Thanksgiving! What a wonderful time to take photos of family members and friends, and to capture the fun and festivities of the holiday. Follow these tips and take memorable pictures that loved ones will thank you for (and you will be thankful too)!
Framing a subject
Composition can make or break a photo. Frame the main subject carefully in the viewfinder or LCD, whether it’s a family member or the turkey. Watch the background to make sure nothing in it distracts from the subject, or that a chandelier or other item don’t look like an appendage growing out of a body or from the top of someone’s head.
Shoot from a higher eye-level
When taking photos around the table, shoot from a higher level than you usually do. This permits the focus to be on people, and not items on the table. Shoot slightly higher than the eye-level of the tallest person in the scene.
Be a director
Don’t hesitate to pose family members for some shots. Suggest to them what to do and where to do it. For natural looking group shots, photograph people while they are talking, not eating.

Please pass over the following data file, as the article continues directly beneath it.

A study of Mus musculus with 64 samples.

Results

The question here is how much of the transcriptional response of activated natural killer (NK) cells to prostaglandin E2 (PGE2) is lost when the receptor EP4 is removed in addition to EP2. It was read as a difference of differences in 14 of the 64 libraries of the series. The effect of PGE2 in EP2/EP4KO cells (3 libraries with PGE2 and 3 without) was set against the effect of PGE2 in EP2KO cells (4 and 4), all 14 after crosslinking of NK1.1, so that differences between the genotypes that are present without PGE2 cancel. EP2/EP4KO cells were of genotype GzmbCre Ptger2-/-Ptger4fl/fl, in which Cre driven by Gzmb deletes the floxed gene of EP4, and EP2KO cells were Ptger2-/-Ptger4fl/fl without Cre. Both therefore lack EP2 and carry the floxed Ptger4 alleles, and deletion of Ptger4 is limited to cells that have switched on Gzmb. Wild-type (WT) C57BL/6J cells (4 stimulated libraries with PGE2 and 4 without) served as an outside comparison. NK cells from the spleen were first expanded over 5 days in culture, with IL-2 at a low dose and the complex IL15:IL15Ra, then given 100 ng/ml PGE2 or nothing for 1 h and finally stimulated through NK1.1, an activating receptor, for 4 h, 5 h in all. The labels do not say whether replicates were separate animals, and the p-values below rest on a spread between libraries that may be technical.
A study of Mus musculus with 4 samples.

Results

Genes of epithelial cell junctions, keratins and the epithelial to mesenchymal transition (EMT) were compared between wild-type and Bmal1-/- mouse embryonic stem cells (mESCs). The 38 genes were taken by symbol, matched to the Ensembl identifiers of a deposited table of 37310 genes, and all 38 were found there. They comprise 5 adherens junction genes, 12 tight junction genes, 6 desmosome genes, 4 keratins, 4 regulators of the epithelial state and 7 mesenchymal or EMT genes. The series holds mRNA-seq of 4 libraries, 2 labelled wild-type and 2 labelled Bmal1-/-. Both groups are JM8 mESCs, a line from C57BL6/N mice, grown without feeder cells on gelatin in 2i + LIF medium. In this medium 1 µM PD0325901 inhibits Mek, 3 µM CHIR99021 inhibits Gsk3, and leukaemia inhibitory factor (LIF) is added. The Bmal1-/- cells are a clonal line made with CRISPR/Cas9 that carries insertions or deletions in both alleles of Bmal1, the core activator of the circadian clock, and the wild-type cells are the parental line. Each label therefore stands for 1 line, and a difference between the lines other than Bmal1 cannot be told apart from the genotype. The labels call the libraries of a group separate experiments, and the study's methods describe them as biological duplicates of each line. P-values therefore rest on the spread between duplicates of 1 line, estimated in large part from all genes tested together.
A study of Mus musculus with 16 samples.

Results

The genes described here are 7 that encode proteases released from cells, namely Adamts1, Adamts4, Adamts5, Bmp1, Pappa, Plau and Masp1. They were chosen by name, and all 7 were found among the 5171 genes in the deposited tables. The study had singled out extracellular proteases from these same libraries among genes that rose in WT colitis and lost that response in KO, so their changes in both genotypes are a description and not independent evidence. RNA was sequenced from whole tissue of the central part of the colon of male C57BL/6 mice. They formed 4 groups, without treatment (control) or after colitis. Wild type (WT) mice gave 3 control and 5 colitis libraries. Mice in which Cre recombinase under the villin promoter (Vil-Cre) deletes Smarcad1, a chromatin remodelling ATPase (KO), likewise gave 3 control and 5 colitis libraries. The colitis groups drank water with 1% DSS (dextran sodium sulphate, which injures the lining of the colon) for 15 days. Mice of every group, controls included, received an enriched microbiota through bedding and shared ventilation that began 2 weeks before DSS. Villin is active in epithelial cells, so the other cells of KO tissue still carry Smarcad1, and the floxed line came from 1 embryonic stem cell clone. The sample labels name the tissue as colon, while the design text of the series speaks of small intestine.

When lighting is low, turn as many lights on in the room as possible, adjust the white balance setting to match the main source of light and up the ISO . If it’s early enough in the day, let outside daylight into the room.
Using the built-in flash
When you use the flash, stay within the recommended flash range as specified in the camera manual. Make sure there is nothing shiny in the background, such as a mirror or glass, that will reflect the flash back into the camera lens. And remember,the flash usually recycles faster when the batteries are fully charged.
Get in some photos yourself
Just because you’re the family photographer, doesn’t mean you should be left out of pictures. Use a tripod and the self-timer so you can join other members of the group. If you don’t have a tripod, set the camera on a level surface.
Take more than one photo
There’s nothing like missing a photo because someone in the group has a funny look on their face or their eyes are closed. So take more than one photo of each scene, then pick the best when you transfer the images to your computer or where your photos are kept online.
Don’t miss our additional tips on composing holiday photos.